The floods drenching the countryside in recent weeks have left many of Britain's cows struggling to keep their heads above water. But in truth, they have been living on borrowed time for a while. After years of surviving on the thinnest of profit margins, British farmers have lost their appetite for producing milk. Of the 28,000 dairy farmers in Britain in 1995, more than half have quit the business and 2,500 more are set to join them over the next two years.
But something is happening that might make farmers change their minds. Milk is rapidly becoming a valuable commodity. In the last six months, the price of skim-milk powder, the benchmark for world trade, has risen by more than 60%. UK shoppers have seen the price of cream tick up 23% in a year. The European Union recently scrapped export subsidies on milk products as rising prices rendered them unnecessary. Americans are finding that a gallon of milk is more expensive than a gallon of petrol. And it may not be long before a bottle of milk costs more than a bottle of wine, says Tom Bulford on Penny Sleuth.
So what has changed over the last ten years? Well, the Chinese have fallen in love with pizza, for a start. Twenty years ago, cheese was regarded with revulsion in China, says The Economist it was what gave Westerners their smelly breath. But much like the Japanese before them, as the urban middle class has grown richer, their diets have become Westernised. And the Chinese have taken to dairy products in a big way, filling their newly purchased refrigerators with yogurts, ice cream and cheese-topped pizzas. At the moment, the average Chinese person consumes about 24kg of milk a year, but that is expected to rise to 40kg each by 2020, say Leo Lewis and Suzy Jagger in The Times.
What we have with dairy is a classic case of rising demand meeting limited supply, says David Fuller on Fuller Money, just as we've seen with more traditional resources, such as base metals and oil. And supply is unlikely to be able to grow quickly enough to meet that demand any time soon. As New Jersey farmer Richard Byma tells The Times: "Last year, one of my cows would have fetched $2,000 at auction. Last week, I would have got $3,000. It would take years to build up a herd."
It won't become any easier. China's new-found appetite for milk is being repeated across the world, from the Middle East to Latin America. Dairy farmers suddenly have a lot more mouths to feed. And with a host of supply contracts with the likes of Tesco about to expire, it couldn't have come at a better time for milk producers in the UK. They are now in a much stronger position to renegotiate unfavourable terms that have seen them receive a flat, or dwindling, share of the proceeds from milk sales in recent years. We look at the stocks best placed to benefit from the milk boom below.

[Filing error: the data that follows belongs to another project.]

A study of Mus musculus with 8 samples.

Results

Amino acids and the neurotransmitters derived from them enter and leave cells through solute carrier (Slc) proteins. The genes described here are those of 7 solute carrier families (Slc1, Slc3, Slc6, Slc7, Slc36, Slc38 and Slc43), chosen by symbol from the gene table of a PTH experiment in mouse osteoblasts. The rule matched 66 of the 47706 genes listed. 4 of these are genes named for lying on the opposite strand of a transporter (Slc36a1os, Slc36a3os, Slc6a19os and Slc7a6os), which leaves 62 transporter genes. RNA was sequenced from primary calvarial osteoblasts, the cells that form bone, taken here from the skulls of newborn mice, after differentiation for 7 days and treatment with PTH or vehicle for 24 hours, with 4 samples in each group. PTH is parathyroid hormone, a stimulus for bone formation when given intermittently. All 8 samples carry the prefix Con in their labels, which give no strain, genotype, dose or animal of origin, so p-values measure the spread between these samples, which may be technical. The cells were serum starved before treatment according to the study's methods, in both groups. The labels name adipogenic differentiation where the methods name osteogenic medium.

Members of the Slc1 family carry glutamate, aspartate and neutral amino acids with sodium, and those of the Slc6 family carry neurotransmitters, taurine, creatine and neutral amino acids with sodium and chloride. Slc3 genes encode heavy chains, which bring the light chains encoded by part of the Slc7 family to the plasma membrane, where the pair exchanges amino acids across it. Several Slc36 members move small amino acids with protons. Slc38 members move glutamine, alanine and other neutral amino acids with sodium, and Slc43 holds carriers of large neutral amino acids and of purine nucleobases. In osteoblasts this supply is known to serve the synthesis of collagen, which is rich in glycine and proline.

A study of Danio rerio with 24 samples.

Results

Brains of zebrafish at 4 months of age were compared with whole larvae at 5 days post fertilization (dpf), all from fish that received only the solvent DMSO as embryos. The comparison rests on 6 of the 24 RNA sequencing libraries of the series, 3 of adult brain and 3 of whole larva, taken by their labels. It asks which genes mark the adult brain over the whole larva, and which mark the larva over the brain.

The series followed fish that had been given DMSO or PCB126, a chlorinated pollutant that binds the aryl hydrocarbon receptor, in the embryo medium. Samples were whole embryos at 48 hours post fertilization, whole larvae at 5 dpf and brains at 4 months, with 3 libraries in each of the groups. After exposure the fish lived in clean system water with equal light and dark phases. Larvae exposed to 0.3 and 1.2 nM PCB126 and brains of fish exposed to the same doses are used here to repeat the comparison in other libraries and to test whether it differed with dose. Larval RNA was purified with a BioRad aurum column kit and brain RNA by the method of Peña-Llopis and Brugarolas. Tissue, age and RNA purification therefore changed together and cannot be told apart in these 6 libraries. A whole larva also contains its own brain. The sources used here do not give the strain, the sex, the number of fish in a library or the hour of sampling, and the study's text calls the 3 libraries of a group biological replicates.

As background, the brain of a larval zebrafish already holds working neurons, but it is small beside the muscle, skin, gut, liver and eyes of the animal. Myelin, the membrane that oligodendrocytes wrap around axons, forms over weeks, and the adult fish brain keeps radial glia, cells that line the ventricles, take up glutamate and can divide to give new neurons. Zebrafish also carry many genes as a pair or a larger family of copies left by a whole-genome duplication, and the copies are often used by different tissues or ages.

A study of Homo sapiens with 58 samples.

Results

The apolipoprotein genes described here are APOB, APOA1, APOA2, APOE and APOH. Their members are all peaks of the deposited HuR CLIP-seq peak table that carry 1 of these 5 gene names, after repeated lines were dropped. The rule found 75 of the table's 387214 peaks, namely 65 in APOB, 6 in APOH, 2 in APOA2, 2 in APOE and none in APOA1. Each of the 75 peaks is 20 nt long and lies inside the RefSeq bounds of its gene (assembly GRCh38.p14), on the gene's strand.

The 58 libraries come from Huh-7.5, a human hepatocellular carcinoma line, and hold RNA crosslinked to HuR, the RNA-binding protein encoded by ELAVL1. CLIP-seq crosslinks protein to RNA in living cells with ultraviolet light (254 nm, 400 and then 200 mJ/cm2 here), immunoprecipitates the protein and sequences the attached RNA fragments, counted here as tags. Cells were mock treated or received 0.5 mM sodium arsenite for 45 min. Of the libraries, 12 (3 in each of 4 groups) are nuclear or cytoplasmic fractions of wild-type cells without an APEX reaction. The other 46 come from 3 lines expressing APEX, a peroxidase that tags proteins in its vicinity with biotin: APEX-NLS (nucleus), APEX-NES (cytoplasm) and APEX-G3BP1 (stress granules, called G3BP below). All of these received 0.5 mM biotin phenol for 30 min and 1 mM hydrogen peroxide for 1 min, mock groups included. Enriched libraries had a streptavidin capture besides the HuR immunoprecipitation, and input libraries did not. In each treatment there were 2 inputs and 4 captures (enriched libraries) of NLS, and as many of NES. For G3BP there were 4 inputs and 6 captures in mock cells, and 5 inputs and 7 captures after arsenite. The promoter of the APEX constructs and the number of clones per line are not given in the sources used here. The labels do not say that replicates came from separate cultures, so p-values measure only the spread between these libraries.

The two best bets in the sector
The Chinese consumer's appetite for milk products will grow by about 15% a year for the next three years, say Leo Lewis and Suzy Jagger in The Times. This in turn should should see American Dairy (NYSE:ADY) grow its share of the market. The company is a pure play on the Chinese dairy industry, producing milk powder for primary-school children in China, across its network of 25 provinces. American Dairy has also made the move into higher-margin products, such as yogurt and cheese. The company's shares trade on a forward p/e of nine for 2008 and Small Cap Investor rates it among its top-ten small-cap stocks for 2007.
One UK firm that will benefit from the power balance shifting in favour of dairy producers is Dairy Crest (DCG), says Tom Bulford on Penny Sleuth. It is Britain's biggest dairy products producer, owning cheese brands such as Cathedral City and butter products such as Clover. A series of acquisitions has established it as a dominant supplier in the market at a time when the terms of trade with retailers are being renegotiated. In 1995, retailers took 2p from the 43p cost of a litre of milk, with the rest split between farmer and dairy, but today retailers take 17p from the 51p per litre sale price. But with many deals set to end this year, Dairy Crest should be able to set better terms and increase revenues, says Bulford. Its shares trade on a forward p/e of 12.9 for 2008.
Eoin came to Money Week in 2006 having graduated with a MLitt in economics from Trinity College, Dublin. He taught economic history for two years at Trinity, while researching a thesis on how herd behaviour destroys financial markets.
Eoin acts as managing editor of MoneyWeek's newsletters.